Opinion – Brexit: How can employers prepare right now?

Graham Millar

By Graham Millar, Partner, Employment Law at Gilson Gray

It hardly seems like four years ago that we started discussing on what terms our exit from the EU might happen, yet at the same time it feels like an eternity. We are now very much down to the wire as trade negotiations continue between the two parties despite the looming deadline of 31st December.

It’s hard to write a ‘how to prepare’ piece, as the situation changes daily.  And for businesses, multiply that challenge a thousand-fold. 

2020 has dealt a huge blow to businesses in just about every way, and the ongoing uncertainty surrounding Brexit – which currently looks likely to continue until the bell tolls on the final day of the year – just adds insult to injury.  The uncertainty around whether we leave with a deal or not provides businesses precious little opportunity to adequately prepare.

However, while we remain in this pre-Christmas, mid-Pandemic, impending Brexit limbo, there are some steps businesses that will be most impacted can take while the final talks take place.

  • Identify and support key impacted staff on immigration status

Organisations need to be aware of – and may need to seek to directly address – how their employees are affected by specific changes to immigration rules brought about by Brexit.

The first step an organisation can take is to immediately conduct an audit and risk assessment to establish their exposure to labour disruption (over the long and short term) and a subsequent skills shortage. Should the audit identify certain key individuals who are nationals of EEA states and will therefore be impacted by the end to freedom of movement, the organisation must take steps to retain these workers by all means legally practicable. This can include:

  • Consideration of what resources are needed to mitigate this impact of Brexit on affected employees. For example, the organisation might consider paying for employees to receive individual legal advice on securing UK residency to assist retention.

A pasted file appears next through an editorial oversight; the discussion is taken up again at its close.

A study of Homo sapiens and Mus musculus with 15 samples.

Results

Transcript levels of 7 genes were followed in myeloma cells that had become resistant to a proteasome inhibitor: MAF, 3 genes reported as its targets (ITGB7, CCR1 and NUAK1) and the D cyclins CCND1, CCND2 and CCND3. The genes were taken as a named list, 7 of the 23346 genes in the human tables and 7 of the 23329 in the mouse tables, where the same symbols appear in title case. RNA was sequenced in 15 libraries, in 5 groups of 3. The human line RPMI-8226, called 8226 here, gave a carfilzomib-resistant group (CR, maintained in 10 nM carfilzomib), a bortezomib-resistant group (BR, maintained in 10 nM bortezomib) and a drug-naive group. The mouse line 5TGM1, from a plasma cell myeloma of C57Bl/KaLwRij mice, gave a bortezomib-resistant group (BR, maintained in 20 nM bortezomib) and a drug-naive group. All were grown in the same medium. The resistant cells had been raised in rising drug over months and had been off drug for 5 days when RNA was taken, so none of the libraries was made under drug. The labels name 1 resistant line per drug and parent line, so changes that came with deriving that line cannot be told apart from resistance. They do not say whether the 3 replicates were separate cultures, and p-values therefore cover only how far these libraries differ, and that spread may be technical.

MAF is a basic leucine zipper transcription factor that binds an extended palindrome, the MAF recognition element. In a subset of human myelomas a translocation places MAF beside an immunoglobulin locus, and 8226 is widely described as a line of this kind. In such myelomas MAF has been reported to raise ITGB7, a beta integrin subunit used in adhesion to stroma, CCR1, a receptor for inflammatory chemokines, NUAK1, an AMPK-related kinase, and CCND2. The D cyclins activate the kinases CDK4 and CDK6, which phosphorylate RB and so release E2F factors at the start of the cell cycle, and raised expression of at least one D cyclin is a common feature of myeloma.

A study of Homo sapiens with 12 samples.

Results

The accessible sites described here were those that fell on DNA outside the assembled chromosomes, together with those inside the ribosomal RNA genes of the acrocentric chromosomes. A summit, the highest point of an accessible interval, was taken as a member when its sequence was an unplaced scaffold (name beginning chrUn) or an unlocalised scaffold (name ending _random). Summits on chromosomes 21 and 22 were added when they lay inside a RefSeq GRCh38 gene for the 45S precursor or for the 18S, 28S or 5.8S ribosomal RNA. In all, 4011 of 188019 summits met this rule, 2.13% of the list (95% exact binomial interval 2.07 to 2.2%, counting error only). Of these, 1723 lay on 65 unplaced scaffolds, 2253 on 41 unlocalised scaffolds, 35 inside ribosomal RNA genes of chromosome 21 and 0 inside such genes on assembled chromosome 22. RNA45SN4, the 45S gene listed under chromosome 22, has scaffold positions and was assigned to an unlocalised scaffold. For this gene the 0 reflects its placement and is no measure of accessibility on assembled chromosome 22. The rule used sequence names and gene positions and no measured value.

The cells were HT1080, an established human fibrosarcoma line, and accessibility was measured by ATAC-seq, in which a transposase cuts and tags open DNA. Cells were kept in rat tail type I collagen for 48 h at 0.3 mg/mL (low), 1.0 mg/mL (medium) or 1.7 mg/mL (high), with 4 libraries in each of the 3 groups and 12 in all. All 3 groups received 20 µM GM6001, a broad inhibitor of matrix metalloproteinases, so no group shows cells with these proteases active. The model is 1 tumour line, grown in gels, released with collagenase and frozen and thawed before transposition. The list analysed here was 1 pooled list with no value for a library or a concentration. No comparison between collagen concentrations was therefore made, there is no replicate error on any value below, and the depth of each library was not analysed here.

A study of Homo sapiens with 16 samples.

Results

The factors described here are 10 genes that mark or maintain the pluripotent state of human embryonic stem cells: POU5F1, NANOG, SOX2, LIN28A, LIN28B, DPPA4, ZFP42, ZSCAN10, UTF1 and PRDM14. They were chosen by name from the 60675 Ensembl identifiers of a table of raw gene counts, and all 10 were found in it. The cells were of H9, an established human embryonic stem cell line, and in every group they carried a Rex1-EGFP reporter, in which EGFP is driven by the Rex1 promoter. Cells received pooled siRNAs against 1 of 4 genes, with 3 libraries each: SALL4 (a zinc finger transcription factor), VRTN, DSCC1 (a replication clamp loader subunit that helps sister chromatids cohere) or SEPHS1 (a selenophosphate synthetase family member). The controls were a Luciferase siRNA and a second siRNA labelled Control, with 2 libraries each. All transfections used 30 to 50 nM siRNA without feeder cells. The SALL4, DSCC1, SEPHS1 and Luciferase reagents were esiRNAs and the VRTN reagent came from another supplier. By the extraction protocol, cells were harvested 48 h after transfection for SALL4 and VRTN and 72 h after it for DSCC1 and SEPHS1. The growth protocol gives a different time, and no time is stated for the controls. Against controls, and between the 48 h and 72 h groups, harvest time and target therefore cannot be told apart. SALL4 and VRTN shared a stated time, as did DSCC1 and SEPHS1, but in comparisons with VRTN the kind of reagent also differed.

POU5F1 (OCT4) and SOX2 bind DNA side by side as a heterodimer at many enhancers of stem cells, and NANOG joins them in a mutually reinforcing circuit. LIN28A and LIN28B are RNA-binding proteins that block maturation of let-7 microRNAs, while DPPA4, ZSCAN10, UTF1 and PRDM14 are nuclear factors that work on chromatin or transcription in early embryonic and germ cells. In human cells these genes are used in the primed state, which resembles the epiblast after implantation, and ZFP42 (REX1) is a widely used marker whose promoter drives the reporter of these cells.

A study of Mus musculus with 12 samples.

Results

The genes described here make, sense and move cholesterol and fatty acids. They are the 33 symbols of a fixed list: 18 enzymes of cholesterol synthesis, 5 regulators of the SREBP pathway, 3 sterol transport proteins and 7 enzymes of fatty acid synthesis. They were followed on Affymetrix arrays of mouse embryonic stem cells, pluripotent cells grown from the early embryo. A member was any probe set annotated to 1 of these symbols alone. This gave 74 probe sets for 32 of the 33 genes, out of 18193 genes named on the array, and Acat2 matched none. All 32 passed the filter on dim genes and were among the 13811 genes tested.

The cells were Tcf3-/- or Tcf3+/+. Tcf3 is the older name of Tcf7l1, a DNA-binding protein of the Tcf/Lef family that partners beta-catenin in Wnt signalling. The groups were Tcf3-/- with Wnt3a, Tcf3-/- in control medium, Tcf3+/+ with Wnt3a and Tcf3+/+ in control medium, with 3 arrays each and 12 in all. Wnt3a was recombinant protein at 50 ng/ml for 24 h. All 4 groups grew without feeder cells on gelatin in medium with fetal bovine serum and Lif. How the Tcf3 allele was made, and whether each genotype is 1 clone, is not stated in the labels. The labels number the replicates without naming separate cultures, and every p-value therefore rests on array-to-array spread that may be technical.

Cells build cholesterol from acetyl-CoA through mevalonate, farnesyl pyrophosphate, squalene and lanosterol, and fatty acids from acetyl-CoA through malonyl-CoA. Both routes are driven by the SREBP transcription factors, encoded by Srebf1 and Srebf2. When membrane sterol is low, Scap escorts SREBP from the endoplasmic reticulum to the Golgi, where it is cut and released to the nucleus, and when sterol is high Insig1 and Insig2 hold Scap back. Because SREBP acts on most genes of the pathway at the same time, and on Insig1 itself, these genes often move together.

• Ensure that the HR team develops a consistent approach to providing regular updates for affected employees and addressing their questions.
  • Check and monitor the immigration status of UK inbound and outbound expatriate workers, the duration of their stay abroad or in the UK and the date on which they can apply for permanent residence or citizenship (including potential dual citizenship) under local rules.
  • Consider whether it is worth bringing some workers into the UK now, or encourage them to secure their UK immigration status or citizenship rights through the Settlement Scheme. This may help to manage the risk that they will be affected by future immigration restrictions.
  • Develop a strategy to fit new immigration rules

The next step which can be taken to be prepared for a post-Brexit world is a review of how immigration rules will impact your organisation. The UK government’s points-based immigration system was introduced in 2018. As such, organisations must comply with the system when designing a strategy for getting the best access to the skills they will need from the immigration routes available to them in the post-Brexit environment.

  • Prepare for service gaps

Brexit will undoubtedly disrupt to all businesses, particularly multinational companies and UK businesses that engage in substantial cross-border trade. But even for businesses that are not directly impacted, they are likely to experience the impact of Brexit due to key players in their supply chains which may present service gaps.

These logistical challenges, in tandem with the unavailability of appropriately skilled workers will put some service delivery under threat in the short term and may disrupt some services completely. Businesses need to take steps now to identify the areas where such gaps will appear and ensure short-term solutions to mitigate this are in place. These might include suspending or terminating certain services which will need a contractual solution to mitigate exposure to customers and suppliers.

  • Appoint a Brexit lead

Given that new systems may be needed, and changes are constant, it will really help to appoint a person or a team with specific focus on Brexit.  If new paperwork or certification is needed, they can roll it out across your organisation.  If you need specific help, they will identify it.  One dedicated person or a small team can better keep abreast of the situation than many people with other jobs to do.

These steps taken alone will by no means temper the wider impact that Brexit will have on businesses. But they will allow businesses to get in the mindset that there will be some sort of impact.  We’ve all become accustomed to pivoting this year, and there is more ahead of us.  Deal or no deal, given our experiences of 2020, we might just be more prepared to deal with the great unknown than we think.